The Most Important Room?

It’s the room that most houses are judged on. But what makes the “Living Kitchen” the real heart of the home?

The Best Open Plan Kitchens

By Lindsey Davis May 13, 2020

See how these homeowners have crafted beautiful and practical spaces, with our advice on merging kitchen, living and dining areas.
Newly built housing has embraced open plan living completely. One of the most popular layouts, the kitchen-diner-living space reflects how our lifestyles and the way we use our homes has changed. As people are increasingly renovating or extending their current homes —remodelling Victorian terraces and 1930s semis — the demand for a functional and interactive layout is essential.

Creating the perfect atmosphere in your open plan kitchen is a fine art. The practical has to meet the aesthetically-pleasing in a way that suits your home and family. Open plan spaces enhance the feeling of light and space in a home but it pays to think carefully about the design so you don’t sacrifice the opportunity for privacy and cosiness.

Open plan kitchen diner in new self build home

Image credit: Jeremy Phillips

Low pendant lights over the dining table help break up the floorplan in the ground floor of this home. The empty space between the kitchen-diner and living areas creates flexible room for play and entertainment.

Utilising this kitchen’s natural light and abundance of space was essential so an independently-sourced white worktop and bifold doors were included. The flooring is tile throughout, but the wooden beams and furniture bring warmth and a sense of zoning to the area.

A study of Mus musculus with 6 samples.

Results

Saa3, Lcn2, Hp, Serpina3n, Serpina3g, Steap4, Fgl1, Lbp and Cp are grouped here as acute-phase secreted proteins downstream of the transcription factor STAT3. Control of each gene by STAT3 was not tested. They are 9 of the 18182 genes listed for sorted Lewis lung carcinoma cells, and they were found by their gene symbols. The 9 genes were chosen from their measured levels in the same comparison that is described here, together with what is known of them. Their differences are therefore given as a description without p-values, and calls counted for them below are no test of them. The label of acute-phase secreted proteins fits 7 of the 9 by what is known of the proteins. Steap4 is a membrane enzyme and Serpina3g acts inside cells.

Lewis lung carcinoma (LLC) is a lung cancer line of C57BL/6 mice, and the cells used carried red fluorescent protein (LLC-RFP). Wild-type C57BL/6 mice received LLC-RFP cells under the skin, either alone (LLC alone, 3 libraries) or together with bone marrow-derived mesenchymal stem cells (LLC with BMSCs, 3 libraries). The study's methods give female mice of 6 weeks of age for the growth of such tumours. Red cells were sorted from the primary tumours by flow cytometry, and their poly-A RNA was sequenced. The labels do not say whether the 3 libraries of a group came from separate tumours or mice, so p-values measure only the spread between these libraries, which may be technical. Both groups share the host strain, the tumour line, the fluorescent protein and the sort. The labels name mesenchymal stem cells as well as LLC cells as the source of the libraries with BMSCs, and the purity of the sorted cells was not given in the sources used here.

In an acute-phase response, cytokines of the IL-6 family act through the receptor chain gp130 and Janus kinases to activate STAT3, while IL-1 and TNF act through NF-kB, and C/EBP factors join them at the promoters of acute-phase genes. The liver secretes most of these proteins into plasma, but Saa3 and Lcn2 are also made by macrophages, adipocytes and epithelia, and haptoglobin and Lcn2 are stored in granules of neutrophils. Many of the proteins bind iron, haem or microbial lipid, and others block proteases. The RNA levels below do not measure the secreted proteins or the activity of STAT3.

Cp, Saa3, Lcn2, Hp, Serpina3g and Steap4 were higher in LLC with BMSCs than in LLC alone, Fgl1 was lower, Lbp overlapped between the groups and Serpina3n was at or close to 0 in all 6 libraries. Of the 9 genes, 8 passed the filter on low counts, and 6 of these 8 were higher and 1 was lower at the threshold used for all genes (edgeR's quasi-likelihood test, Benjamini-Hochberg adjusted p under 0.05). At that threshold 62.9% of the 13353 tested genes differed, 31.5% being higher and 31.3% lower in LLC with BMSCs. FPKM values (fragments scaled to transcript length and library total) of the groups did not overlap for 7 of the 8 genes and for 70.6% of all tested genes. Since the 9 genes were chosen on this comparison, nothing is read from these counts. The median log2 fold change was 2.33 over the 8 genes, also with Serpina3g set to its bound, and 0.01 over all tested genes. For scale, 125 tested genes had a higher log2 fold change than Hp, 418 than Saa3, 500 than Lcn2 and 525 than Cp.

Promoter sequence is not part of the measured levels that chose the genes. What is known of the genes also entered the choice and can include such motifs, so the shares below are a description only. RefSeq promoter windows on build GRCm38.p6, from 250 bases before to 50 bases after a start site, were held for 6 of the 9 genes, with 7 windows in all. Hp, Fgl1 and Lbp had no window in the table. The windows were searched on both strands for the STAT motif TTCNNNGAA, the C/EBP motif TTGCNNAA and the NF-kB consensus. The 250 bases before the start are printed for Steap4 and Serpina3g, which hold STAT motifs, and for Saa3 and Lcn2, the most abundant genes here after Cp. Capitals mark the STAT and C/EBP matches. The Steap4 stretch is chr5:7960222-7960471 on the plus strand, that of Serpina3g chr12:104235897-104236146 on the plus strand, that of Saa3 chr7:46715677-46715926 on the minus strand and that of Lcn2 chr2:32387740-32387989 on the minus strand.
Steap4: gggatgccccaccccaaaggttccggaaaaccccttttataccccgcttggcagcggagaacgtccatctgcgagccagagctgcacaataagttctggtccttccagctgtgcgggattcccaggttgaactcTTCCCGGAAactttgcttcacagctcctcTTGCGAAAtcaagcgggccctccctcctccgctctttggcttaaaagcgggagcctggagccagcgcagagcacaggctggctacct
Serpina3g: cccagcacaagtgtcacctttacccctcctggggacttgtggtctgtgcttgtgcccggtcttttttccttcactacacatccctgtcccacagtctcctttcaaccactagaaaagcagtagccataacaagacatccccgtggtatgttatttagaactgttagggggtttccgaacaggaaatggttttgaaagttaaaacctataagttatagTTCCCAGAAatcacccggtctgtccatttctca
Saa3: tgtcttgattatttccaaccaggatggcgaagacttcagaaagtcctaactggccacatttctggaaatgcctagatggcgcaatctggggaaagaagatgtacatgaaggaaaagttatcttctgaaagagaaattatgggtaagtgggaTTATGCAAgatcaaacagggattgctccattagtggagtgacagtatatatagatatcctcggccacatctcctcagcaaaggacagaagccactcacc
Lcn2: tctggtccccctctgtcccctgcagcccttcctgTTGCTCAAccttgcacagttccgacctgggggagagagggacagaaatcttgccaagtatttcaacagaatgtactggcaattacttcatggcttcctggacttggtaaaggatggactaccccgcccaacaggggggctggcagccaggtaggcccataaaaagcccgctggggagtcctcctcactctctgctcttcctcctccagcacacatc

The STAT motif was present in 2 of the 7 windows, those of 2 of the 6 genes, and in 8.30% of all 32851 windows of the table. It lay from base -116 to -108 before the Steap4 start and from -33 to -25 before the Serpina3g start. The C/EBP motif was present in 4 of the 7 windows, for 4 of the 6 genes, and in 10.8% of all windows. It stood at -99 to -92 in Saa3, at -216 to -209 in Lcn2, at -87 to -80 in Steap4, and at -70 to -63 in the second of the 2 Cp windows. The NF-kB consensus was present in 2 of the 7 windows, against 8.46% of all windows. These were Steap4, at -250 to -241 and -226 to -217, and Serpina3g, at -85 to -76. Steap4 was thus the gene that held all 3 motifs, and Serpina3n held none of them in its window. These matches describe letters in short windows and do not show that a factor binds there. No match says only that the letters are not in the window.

This kitchen-diner extension to a home created from three listed cottages, is accessed via the living room. A vaulted ceiling in the light-filled kitchen and dining areas creates a sense of space, while the living room ceiling is much lower and features exposed beams for a cosier cottage feel.


Some of the best open plan spaces work so well because they have clearly defined zones for various tasks. Ideally, you should divide the room without affecting the flow of light. You may also want some private areas, but if you have young children it is important to think about the sightlines between where you may be working or relaxing, and where they will be playing.

The following are great ways to zone a room:

Industrial-style open plan kitchen diner(Image credit: Jody Stewart) New York loft-style has been mimicked in this open plan kitchen and enhanced with industrial style lighting and exposed brick. The double-height void above the dining area (out of shot) and a third floor habitable room meant that a sprinkler system was required to meet Building Regulations.

Use breakfast bars, islands or low-level furniture (or low stud walls) to section up the floorplan Where possible, varying the floor levels is extremely effective, but think carefully about safety and steps in areas used for cooking or playing.

Lighting is an unobtrusive and practical way to zone. Use low pendants over a dining area and spotlights for task lighting.

Use different flooring in different zones of the room. This also means you can use softer flooring in cosy areas and hard-wearing options in the kitchen-diner.

Different levels give interest to large areas. While tone, reflection and texture maximise the space and delineate the purpose of zones. The perfect living kitchen has something for everyone.